Passlogix, an enterprise software company focused on simplifying access to company resources, is announcing an authentication product which will allow users to log on to Windows with any type of identification device–including national ID badges, access cards, one-time password tokens, and biometrics. The product, v-GO Universal Authentication Manager, utilizes the customers’ existing infrastructure while also leveraging corporate directories, thus lowering the total cost of ownership from an average of $150 per user to $15.
Passlogix aims to be the last strong authentication product that companies will need to buy as their product can evolve based on their customers’ needs. They hope to achieve this goal by providing an open architecture whereby any device from a multitude of manufacturers can be used for Windows login, rather than forcing a company to choose a singular method which is often times proprietary. By employing this type of architecture, clients are able to move to a new authentication vendor, use physical access devices already being utilized for other purposes, and use multiple types of authentication methods across a company’s network. For example, a company could use pre-existing building access cards (which only allow entrance to those who work in that building) to log in at one branch, while others from the same company, but at a different office, can use a completely different proprietary access card to log in from their location. Similarly, those in the second branch could use an entirely different mode of authentication, such as biometrics, to securely log in. This feature is especially useful for companies who have varying levels of access privileges.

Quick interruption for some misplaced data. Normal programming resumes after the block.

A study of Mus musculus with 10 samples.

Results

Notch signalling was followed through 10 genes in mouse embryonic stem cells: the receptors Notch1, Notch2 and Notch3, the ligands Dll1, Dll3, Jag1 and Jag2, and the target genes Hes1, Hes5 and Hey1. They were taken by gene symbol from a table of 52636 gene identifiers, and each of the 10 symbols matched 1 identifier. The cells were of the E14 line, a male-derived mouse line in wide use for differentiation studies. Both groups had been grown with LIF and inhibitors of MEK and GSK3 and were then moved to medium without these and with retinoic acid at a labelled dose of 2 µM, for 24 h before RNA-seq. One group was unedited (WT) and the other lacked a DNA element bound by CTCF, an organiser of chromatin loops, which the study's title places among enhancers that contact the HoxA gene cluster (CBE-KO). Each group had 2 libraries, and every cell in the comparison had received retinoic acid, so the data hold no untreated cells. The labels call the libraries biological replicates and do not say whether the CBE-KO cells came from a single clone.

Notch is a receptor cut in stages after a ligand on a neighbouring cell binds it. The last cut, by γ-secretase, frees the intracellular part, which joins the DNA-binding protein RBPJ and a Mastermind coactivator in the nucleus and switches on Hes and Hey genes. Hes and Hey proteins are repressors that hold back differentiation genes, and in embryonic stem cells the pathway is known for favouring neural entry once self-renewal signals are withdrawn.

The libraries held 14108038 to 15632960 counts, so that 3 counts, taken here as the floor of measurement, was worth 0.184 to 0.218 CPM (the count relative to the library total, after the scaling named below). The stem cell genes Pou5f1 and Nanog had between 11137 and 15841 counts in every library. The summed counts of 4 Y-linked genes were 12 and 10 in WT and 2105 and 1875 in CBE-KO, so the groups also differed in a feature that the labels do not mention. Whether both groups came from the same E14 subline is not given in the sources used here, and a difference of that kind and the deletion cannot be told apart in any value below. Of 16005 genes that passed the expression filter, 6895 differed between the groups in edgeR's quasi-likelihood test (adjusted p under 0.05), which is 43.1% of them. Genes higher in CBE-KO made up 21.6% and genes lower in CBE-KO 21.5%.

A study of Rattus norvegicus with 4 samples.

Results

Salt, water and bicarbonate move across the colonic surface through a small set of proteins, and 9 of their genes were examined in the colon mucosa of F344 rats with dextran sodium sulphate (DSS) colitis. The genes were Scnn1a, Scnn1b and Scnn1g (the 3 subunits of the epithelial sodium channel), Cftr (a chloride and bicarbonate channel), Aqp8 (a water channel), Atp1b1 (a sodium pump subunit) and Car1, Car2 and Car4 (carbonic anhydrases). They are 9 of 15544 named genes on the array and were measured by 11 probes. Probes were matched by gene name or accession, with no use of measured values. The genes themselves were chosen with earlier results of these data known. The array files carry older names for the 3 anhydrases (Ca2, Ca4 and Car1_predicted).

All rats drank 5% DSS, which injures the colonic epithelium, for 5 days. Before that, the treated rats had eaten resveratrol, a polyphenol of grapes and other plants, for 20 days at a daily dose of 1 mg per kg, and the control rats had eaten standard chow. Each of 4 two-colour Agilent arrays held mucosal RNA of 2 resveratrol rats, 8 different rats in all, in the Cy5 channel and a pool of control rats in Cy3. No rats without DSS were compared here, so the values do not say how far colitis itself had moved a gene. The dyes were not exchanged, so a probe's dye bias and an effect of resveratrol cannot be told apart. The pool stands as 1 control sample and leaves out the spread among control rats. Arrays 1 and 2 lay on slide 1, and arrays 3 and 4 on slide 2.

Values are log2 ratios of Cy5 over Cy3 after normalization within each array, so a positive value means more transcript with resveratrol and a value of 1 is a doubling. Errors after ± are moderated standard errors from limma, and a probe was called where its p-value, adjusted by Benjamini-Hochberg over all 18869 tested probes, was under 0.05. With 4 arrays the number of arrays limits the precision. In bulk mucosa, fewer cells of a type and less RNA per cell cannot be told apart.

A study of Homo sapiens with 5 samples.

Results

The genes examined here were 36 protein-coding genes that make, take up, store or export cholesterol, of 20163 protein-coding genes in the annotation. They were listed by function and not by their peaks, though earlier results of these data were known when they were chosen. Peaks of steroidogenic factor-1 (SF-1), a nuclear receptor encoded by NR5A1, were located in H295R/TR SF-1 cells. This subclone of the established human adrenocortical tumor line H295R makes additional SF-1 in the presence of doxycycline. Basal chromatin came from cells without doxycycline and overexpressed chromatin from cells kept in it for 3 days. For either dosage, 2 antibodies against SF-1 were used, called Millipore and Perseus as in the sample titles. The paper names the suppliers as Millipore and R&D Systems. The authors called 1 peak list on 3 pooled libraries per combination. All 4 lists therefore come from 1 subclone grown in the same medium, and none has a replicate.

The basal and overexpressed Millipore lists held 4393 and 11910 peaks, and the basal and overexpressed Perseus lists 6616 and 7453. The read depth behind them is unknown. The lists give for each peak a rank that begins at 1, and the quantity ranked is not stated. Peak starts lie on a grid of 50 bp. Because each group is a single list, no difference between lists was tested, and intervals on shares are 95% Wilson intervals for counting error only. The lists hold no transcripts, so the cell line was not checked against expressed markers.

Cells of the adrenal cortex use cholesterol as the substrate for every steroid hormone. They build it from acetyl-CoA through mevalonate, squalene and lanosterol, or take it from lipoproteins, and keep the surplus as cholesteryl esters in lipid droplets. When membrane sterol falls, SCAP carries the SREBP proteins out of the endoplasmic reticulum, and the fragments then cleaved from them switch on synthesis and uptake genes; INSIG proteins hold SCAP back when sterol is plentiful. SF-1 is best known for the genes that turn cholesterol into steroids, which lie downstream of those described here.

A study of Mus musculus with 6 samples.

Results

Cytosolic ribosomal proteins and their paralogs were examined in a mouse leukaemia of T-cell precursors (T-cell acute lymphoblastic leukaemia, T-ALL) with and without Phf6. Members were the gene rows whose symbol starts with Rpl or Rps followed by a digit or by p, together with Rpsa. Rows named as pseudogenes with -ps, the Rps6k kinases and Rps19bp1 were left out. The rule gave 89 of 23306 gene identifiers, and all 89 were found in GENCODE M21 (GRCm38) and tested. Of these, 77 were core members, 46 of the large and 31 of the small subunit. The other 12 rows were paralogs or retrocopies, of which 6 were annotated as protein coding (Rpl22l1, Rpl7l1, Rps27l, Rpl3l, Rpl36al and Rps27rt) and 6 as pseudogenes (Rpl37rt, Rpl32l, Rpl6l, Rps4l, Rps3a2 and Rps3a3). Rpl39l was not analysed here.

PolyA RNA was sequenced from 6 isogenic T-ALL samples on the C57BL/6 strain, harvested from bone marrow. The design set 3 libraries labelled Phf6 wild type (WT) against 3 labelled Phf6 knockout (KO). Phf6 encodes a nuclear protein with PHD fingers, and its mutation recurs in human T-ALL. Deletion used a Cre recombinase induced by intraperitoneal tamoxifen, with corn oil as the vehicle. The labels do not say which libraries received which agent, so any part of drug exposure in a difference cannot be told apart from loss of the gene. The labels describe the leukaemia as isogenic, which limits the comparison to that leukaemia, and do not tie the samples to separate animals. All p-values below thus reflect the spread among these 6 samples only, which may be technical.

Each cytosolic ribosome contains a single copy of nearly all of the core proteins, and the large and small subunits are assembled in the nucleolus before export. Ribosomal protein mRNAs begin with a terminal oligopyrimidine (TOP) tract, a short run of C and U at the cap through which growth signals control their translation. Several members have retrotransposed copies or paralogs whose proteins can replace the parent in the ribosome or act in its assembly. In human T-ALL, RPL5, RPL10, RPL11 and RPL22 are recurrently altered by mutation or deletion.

By allowing organizations to use authentication devices which are already deployed, Passlogix removes the need for additional investment in secure Windows logon. Those who use this product will never have to remember their password again, as it is stored on the authentication device. Furthermore, dedicated servers typically needed for secure network access are not needed, which again lowers the total cost of ownership, and brings down any potential scalability barriers.
Strong authentication solutions for Windows are also more secure than the use of a password, which can be compromised in any number of ways, as physical access of the authenticator is needed. If an employee loses, or his means of authentication is stolen, Passlogix can remotely shut off the authenticator, thus blocking access to any files or information on an organization’s network. Additionally, they can report on the use of access of the authenticator to see what, if anything, has been jeopardized.
Passlogix is in a unique situation given that most of their competitors are also those whose products they support. Companies such as HID Global and DigitalPersona provide strong authentication tools which can be integrated into Passlogix’ infrastructure.
v-GO Universal Authentication Manager is priced at $15 per user and carries a yearly 20 percent fee for support and maintenance.
Passlogix was founded in 1996 and has raised approximately $20 million in venture capital. Their latest round of funding was for $11.5 million in 2002 and was led by Hanseatic Americas. The company has sold 21M user licenses of their various products in 140 countries.